A rare verdict for punitive damages and fraud against a Florida hospital opens a window on the big business aspects of weight loss surgery, which can be unsafe for patients especially when the surgeon lacks experience. The verdict also has lessons for how patients can protect themselves.
A jury in Jacksonville ordered Memorial Hospital to pay $10 million in punitive damages for what amounted to false advertising about its weight loss surgery “Center of Excellence” designation. The same jury said that Clay Chandler, a county deputy sheriff, should be paid $168 million in compensatory damages for brain damage that happened to him as a result of uncorrected leakage in his abdomen after a weight loss procedure in 2007 with surgeon John DePeri, MD.
DePeri, testimony revealed, had performed at most 21 bariatric surgeries before he operated on deputy Chandler. To meet the standards of the American Society Bariatric Surgery’s Center of Excellence seal, he was required to have performed 50 and to have completed at least 20 hours of bariatric education courses. He had taken one.
Memorial Hospital used that accreditation seal in pamphlets given to potential surgery patients of its Bariatric Surgery Center. The seal also was featured on documents DePeri used when speaking at informational forums at the hospital.
The jury found that use to be fraud. It said that the hospital knowingly allowed DePeri to perform paid surgeries for which he was not accredited.
Chandler is now brain damaged and confined to a wheelchair. The day after his surgery in 2007, Chandler was placed into critical care with respiratory failure and signs of fluid leakage into his abdomen. Eight days later DePeri operated to repair the leak. Even the hospital’s own expert witness testified that most doctors would have addressed the complication much earlier.
It was too late for Chandler, who suffered a stroke and was comatose for more than two weeks. He also suffered a permanent loss of eyesight from a burned retina because he was not given the basic care of lubricating eye drops while he was on the respirator.
The damage to Chandler, said his attorney, Tom Edwards, “occurred because you had a relatively inexperienced doctor doing this surgery and managing the patient.”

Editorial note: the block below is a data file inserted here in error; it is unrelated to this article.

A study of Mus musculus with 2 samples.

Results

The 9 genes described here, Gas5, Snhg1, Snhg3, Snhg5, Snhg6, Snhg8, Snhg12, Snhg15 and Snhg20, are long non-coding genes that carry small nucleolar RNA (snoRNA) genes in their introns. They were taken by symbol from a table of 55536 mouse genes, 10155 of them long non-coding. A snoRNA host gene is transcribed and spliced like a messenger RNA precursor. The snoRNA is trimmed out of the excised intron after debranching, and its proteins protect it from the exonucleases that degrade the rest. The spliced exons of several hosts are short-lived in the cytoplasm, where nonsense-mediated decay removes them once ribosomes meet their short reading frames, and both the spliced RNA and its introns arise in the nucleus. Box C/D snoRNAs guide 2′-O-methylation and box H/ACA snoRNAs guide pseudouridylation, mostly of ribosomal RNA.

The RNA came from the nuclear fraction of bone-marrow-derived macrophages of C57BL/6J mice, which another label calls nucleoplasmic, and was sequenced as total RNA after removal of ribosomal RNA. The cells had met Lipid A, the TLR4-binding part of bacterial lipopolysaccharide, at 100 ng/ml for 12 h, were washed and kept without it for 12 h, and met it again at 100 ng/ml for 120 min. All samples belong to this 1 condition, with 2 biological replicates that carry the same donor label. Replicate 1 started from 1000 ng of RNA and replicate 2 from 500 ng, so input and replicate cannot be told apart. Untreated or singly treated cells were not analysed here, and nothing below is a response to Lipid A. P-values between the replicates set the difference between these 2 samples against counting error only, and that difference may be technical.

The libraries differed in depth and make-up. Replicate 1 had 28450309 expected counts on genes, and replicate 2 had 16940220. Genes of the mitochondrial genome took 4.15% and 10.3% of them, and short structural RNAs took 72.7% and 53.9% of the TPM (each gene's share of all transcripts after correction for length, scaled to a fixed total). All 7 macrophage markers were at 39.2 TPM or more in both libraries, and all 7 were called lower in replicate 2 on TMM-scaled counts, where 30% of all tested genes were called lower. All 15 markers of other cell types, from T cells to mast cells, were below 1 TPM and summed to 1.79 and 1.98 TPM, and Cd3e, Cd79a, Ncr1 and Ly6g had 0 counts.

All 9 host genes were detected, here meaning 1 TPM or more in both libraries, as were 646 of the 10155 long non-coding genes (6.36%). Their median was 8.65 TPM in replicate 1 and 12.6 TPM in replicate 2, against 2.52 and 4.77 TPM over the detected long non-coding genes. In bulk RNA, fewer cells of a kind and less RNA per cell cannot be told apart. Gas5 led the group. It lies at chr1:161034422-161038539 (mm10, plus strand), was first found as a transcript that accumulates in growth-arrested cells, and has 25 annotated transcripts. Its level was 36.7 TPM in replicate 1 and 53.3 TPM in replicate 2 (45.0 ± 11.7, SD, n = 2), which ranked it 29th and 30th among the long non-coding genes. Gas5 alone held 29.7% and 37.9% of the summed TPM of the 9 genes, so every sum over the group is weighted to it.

DePeri has since been accredited by the bariatric surgeons’ program. But it’s too late for patient Chandler.
What are the lessons for other patients who want to prevent this from happening to them?
In this case, deputy Chandler would have had to do a fair amount of research to find the 50-case minimum standard of the bariatric surgeons. If he did, of course, he could have asked Dr. DePeri up front how many he had done, and DePeri presumably would have told the truth.
But even without that level of research, here are the kinds of questions any patient can –and should– ask any surgeon, as I explained in a recent issue of my firm’s Better Health Care newsletter, on the topic: Talking to Your Surgeon: What You Need to Ask.
“Is there anyone at your institution (in your partnership, in my town, etc.) who does these procedures more than you do? If so, would you mind if I speak to him or her?” (A defensive response to this question is a red flag.)
Another question that gets at the experience issue:
“Who would you ask to do the operation on a close family member of yours if you couldn’t?”
Surgical volume is important to hone a doctor’s skills in the operating room. It’s the old idea that practice makes perfect. But with bariatric surgery in particular, one of the key issues is being able to quickly recognize and correct surgical complications afterwards. That is where Dr. DePeri fell down, with the long delay in returning his patient to the OR. Leaks themselves happen sometimes with this surgery, even in the best of hands; it’s the response that is key to a good outcome for the patient.
Surgical volume is also important for the hospital, because the more nurses and other caregivers have seen patients just like you, the more equipped they are to make sure the post-op recovery period goes smoothly.
See our newsletter for more important questions up front for your surgeon. I called this issue of the Patrick Malone patient newsletter: “When a Conversation Can Save a Life.” The Florida story shows how true that is.